Classical

Philomusica Plays Two Crowd Pleasers

Ravel and Dvorak quartets are familiar, well-loved and quite different from each other.

By - Nov 10th, 2016 12:42 pm

Philomusica String Quartet. Photo from Facebook.

The Philomusica Quartet, will perform at the Wisconsin Conservatory of Music next Monday evening in a concert featuring popular major quartets by Ravel and Dvorák. The Philomusica (violinists Jeanyi Kim and Alexander Mandl, violist Nathan Hackett and cellist Adrien Zitoun) began its second season this October as  a quartet in-residence at Wisconsin Lutheran College. They return to their original home for a single performance this season.

Maurice Ravel

Maurice Ravel.

Maurice Ravel‘s only string quartet and Dvorak’s “American” quartet are familiar and well-loved works. But the Philomusica, working through the quartet literature over eight years, has not performed either work since their first years as an ensemble.

Ravel’s Quartet in F major (1903) displays the color of impressionist composition, but more discipline than Debussy’s contemporaneous string quartet. Each were inspired by recent Parisian World Fairs to incorporate Asian-influenced pentatonic scales in their work.

A sonata-form first movement follows a traditional development structure, although adding clarity by use of simple harmonies such as sections where first violin and viola play two octaves apart. That is followed by an organic scherzo with pizzicato color and mixed time signatures that suggests a Javanese gamelan orchestra. The slow movement recalls earlier themes within a improvisational atmosphere, revealing Ravel’s skill at finding unexpected colors in his compositions. The rondo finale opens with stormy passages, shimmering strings and brief moments of calm, recalling other sections.

Mandl describes Ravel’s approach to unique harmonies. “He plays around with the timbres. In numerous sections the viola plays in a higher range than the violin.” Voices breathe as “middle lines converge and diverge.”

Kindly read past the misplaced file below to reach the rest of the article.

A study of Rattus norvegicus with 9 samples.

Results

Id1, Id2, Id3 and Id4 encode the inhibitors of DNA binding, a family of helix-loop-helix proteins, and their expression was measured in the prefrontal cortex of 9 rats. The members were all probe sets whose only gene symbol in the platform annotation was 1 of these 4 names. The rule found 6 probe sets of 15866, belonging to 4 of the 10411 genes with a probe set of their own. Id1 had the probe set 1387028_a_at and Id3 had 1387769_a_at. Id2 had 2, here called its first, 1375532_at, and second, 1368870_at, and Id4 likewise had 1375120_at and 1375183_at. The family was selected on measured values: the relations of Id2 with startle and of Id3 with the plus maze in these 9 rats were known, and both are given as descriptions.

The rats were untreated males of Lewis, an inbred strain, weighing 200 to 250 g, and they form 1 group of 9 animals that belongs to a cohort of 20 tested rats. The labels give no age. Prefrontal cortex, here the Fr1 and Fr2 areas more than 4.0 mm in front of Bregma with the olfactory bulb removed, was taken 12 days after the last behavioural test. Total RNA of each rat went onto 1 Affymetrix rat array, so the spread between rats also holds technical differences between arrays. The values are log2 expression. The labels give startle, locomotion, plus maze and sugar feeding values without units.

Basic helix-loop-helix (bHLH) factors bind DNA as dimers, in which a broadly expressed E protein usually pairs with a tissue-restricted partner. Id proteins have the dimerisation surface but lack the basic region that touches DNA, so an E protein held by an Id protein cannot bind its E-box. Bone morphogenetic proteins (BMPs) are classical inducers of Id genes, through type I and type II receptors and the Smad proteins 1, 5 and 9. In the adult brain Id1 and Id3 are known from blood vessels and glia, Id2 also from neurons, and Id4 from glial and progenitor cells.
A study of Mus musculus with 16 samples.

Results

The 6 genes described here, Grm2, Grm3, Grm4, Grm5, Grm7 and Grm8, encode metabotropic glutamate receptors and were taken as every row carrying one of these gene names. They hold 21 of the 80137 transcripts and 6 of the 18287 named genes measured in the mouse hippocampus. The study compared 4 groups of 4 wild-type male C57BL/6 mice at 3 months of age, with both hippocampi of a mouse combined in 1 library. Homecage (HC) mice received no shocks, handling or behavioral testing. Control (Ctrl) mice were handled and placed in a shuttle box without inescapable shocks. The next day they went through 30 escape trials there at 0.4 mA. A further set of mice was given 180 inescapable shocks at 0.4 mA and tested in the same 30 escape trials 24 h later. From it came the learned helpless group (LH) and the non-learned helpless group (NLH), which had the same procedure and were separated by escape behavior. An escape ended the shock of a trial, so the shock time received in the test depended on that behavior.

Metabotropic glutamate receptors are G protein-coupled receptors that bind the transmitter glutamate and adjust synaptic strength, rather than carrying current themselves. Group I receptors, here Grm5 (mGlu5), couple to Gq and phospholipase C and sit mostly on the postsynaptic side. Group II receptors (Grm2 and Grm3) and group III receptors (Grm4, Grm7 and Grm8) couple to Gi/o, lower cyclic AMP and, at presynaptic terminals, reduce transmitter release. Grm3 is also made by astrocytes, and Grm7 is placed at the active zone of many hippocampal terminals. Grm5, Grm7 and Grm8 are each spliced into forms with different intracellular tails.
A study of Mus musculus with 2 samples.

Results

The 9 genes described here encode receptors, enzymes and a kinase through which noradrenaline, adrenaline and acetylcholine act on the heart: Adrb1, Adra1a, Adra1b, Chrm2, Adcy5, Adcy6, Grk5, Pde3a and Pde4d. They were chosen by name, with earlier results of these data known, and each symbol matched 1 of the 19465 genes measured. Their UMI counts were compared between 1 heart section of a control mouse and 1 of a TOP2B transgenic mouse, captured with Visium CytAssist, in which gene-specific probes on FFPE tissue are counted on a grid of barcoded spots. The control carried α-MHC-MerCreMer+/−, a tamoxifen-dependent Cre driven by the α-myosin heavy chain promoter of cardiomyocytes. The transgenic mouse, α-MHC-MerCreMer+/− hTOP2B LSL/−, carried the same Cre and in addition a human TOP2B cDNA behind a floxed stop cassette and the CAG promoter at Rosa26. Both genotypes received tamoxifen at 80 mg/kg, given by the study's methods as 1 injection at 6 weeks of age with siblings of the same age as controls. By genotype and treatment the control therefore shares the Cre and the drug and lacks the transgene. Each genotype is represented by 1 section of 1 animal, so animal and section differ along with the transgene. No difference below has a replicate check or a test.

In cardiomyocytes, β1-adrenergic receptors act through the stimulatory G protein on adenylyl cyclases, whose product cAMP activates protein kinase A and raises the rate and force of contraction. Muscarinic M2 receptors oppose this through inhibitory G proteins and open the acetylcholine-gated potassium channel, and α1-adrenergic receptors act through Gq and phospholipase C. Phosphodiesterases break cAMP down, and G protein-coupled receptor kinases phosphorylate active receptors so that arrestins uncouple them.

Antonín Dvorák

Antonín Dvorák

Antonín Dvorák‘s String Quartet in F major, op. 96, “American,” composed in 1893, reflected his contribution to a search for an American voice in classical music. As an established composer, Dvorák was invited to lead a new National Conservatory in New York City in 1892. His sponsors challenged him to explore American roots. Dvorák found inspiration in African-American and Native-American music. Spending a summer in Spillville, Iowa (a Czech-Amerian community), he wrote his “New World Symphony” drawing upon those traditions. During a three day train ride returning to New York, he sketched an entire string quartet  Even the pulse of the moving train is reflected in the work. Despite the success of his efforts, the evolution of an American style of classical music languished for a time after that. American classical music did not really achieve focus until the 1930s.

A characteristic, unifying element throughout the quartet is Dvorák’s use of the pentatonic scale. That open, simple character is frequently identified with American folk music. However, the pentatonic scale is common in many ethnic musics worldwide. Mandl suggests similar approaches in Scottish Irish fiddle tunes, Black spirituals and Bohemian folksongs. This quartet may not use any borrowed melodies, but is a fusion of sounds in Dvorak’s own voice.

The second slow movement stands out – a lament, or prayer, that Mandl feels was influenced by the status of the American Indian at that point in the Midwest.

Actually, one borrowed melody may be found – a transcribed song of the scarlet tanager.  The bird song appears as a high, interrupting strain in the first violin part in the third movement.

The Quartet will also play a short work by Luggi Boccherini, String Quartet Opus 2 No. 2 in B-flat Major (1761). Although Haydn deserves the credit as the “father” of the string quartet. Boccherini contributed many chamber works that also helped define the “classical” tradition of chamber musicians in “conversation.” A virtuoso cellist, Boccherini wrote over 100 string quintets, allowing one cello to play the traditional role of providing pulse and continuo, while the other joined in the conversation with viola and violins at a virtuoso level. This work also recognizes the cello as a full partner, as do many others of the nearly 100 string quartets Boccherini wrote.

Mandl contrasts Boccherini’s Italian style with the Germanic elements of Haydn’s work. A last movement fugue displays a “delightful and transparent manner. The voices never get thick.”

Philomusica will play in the Helen Bader Recital Hall at the Conservatory at 1584 N. Prospect Ave. at 7:30 p.m. Tickets ($35/$25) may be purchased on-line or at 414 276-5760. Evening parking is available at Milwaukee Eye Care, 1684 N. Prospect Ave. (at Brady St).

The Philomusica returns to Wisconsin Lutheran College for their next series concert on Monday, February 20th. They will play quartets by Ludwig van Beethoven and Pyotr Ilyich Tchaikovsky and Novelletten by Frank Bridge.